French and American photographers train their lenses on Dickinson's campus and a Toulouse bank.
by Michelle Simmons
July 1, 2009
Photojournalist Philippe Brault spent two weeks capturing images of campus life.
One vision is in black and white, the other in color. One is French, one American. Together they represent an artistic and cultural link between Dickinson and one of its most popular study-abroad sites, Toulouse, France.
The different focal points and photographic formats employed by Andrew Bale, adjunct professor of art, and Paris-based photojournalist Philippe Brault were highlighted in The Face of the Other, a joint exhibition in Toulouse held June 9-30. Plans are afoot to bring the show to Dickinson in 2010.
Conceived as a project that would immerse two photographers—one American, one French—in a foreign workplace, The Face of the Other was initiated by the Fondation pour l’art Contemporain, a nonprofit arts organization founded by the bank Caisse d’Epargne de Midi-Pyrénées. The idea was for each photographer to conduct a study of people and workplace—the bank’s headquarters in Toulouse in southwest France and the college in central Pennsylvania.
Dickinson’s role in the photographic exchange began with Sylvie Toux, resident director of the Dickinson Center in Toulouse. According to Bale, Toux heard about the foundation’s interest in a cross-cultural photographic project and contacted Ward Davenny, associate professor of art, who recommended Bale. In May 2008, Bale took off for France and spent two weeks roaming the hallways and grounds of the Caisse d’Epargne headquarters.
Bale’s black-and-white photographs have been shown in juried and solo exhibits throughout the United States, and he is interested in images of what he calls the “common landscape”—objects, places or people that are common to everyday life. The idea of photographing in a workplace made perfect sense to him, but he had some convincing to do while there.
“Many of [the employees] had this assumption that I was just ‘snapping’ their pictures,” he said. “They didn’t know I was making formal portraits of people.”
Bale photographed workers at all levels: executives, custodians, lawyers, receptionists, using a large-format Canham view camera with 5-by-7-inch plates—the same camera used by Ansel Adams. It can take some time to set up, and that became a conversation starter for Bale and his subjects. Once they saw it, they sat visibly taller and smoothed out their clothes.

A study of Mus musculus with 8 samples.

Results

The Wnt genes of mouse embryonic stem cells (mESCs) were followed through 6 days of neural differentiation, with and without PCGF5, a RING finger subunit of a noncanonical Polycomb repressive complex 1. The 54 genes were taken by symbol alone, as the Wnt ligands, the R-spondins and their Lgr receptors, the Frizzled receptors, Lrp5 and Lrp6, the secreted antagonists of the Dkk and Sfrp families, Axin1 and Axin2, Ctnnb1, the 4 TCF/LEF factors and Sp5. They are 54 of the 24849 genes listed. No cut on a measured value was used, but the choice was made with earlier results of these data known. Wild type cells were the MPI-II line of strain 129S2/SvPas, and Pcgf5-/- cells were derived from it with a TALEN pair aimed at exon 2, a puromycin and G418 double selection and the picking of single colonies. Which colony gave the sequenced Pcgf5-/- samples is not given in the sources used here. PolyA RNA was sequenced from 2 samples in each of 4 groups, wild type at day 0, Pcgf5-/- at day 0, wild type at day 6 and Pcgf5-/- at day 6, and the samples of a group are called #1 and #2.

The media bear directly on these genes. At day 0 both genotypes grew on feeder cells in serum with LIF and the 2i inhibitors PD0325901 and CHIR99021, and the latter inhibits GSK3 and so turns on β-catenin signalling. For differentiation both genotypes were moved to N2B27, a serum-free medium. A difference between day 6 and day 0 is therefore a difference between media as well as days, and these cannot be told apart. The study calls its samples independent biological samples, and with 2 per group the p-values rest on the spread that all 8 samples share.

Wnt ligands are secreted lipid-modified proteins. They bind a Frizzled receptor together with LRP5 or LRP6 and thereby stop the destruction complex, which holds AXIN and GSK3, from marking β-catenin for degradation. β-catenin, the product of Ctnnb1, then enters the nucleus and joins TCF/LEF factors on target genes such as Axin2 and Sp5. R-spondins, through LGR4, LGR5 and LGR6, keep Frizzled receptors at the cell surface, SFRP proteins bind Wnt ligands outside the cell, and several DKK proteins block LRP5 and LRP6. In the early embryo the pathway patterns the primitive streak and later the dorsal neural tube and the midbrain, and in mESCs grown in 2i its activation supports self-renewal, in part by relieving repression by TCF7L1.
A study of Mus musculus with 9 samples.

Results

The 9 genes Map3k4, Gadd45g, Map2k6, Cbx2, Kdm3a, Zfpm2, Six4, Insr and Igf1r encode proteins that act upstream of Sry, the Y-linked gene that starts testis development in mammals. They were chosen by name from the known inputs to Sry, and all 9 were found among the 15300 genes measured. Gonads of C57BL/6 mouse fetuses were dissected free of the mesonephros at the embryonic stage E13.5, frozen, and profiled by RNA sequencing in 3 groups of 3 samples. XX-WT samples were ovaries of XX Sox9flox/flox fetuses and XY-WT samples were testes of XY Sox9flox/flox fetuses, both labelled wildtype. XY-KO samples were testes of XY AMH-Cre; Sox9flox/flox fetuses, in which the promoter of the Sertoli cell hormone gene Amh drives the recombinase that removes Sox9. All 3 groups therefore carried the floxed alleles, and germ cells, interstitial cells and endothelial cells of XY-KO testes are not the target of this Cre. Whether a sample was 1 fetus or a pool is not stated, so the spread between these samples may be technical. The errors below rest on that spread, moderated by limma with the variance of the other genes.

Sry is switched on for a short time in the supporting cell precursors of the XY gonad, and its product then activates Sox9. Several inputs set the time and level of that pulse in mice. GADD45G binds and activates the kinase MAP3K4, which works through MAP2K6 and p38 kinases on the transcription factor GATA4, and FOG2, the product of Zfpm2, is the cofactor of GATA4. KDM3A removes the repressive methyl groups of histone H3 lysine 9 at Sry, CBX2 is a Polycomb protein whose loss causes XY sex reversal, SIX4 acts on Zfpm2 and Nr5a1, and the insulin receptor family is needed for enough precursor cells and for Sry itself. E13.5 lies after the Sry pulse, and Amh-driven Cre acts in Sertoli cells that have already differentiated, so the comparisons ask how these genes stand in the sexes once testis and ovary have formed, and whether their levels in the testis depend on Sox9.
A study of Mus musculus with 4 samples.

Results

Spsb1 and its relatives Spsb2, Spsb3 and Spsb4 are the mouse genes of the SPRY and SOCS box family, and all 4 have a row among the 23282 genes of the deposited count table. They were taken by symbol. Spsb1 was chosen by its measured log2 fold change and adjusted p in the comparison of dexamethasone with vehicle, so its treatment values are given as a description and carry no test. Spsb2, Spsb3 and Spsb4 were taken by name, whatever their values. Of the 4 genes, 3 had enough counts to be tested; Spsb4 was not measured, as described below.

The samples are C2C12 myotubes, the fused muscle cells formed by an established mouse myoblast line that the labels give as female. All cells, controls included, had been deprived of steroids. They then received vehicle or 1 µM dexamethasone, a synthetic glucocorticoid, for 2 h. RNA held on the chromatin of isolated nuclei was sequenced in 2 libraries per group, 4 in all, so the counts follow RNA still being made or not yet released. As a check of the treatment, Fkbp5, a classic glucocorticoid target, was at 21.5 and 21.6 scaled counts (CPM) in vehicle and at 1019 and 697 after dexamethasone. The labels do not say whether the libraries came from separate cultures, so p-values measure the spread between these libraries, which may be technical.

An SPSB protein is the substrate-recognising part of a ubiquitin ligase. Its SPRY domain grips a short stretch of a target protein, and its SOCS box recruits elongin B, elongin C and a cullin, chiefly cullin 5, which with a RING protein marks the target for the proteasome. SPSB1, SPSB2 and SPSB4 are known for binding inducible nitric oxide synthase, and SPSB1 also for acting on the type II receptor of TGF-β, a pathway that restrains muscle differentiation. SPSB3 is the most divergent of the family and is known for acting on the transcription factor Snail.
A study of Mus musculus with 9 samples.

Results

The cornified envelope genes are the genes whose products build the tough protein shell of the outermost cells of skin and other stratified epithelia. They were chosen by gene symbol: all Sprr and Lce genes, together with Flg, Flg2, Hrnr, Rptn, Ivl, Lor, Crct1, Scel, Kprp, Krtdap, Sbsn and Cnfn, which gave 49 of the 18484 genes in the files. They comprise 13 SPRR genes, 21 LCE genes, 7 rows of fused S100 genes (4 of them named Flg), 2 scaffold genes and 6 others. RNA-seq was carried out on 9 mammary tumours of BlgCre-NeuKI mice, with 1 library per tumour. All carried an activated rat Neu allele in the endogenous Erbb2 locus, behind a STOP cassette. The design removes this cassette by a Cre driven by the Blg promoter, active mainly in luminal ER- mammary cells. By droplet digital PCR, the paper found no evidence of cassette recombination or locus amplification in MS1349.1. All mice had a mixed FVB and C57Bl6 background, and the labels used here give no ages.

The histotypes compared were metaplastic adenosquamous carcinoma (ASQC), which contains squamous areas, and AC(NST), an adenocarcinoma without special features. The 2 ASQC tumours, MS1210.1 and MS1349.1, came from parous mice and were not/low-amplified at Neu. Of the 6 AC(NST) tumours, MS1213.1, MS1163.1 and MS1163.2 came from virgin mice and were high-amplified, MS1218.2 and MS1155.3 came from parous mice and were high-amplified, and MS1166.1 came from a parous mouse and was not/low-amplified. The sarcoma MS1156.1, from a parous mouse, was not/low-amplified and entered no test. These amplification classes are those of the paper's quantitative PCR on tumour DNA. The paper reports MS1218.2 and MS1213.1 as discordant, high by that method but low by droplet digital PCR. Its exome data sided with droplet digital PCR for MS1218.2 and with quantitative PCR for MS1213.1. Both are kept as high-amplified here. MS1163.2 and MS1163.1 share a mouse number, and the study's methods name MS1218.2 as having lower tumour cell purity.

“It always makes a portrait more serious,” he said, smiling.
For the Carlisle campus coverage, Toux recommended Philippe Brault, a globetrotting photojournalist whose work has appeared in magazines ranging from Vanity Fair and Le Monde to Internationale, GQ and Newsweek. He began taking photos as a soldier stationed in Lebanon in 1988, and since then, a recurring theme in his work has been civilians trapped in the aftermath of armed conflict, from Lebanon and Kosovo to Mozambique and Iraq. Some of those photos also appeared in the June exhibit.
Brault is fascinated with all things American, especially politics, so his first trip to the United States—and to Dickinson—was to photograph student involvement in the 2004 presidential campaign. The serendipity of returning during another presidential-election year was uppermost in his mind when he arrived on campus in April 2008.
“Thanks to the photo project I got the opportunity to come back to Carlisle only a few months before a new election,” he said. “Even at the beginning of my trip, I could feel the presidential-election atmosphere on campus.”
Using a Horseman large-format camera with a Schneider lens, Brault tramped the campus grounds, photographing every activity and nook and cranny.
He captured images not only of the iconic red Adirondack chairs and Old West but of dining-services staff resting in the back kitchen between meals, ROTC cadets during early-morning calisthenics and Sunday mass in Memorial Hall.
“I always need to go and feel things for myself to give the subject a photographic interpretation,” he explained in French-inflected English. “This assignment let me be totally free to find my own original way to access the subject of an American college.”
Different styles and interests haven’t stopped Brault and Bale from developing a close friendship through e-mail. When Brault returned to the United States in late October to cover the final days of the election campaign, Bale opened his home to him.
And when Bale traveled to France in June for the exhibit at the Fondation pour l’art contemporain, he stopped first to visit Brault in Paris. Together, they went to Toulouse to see each other’s finished work for the first time.
To view the work of the photographers, please check out the Dual Vantage slideshow.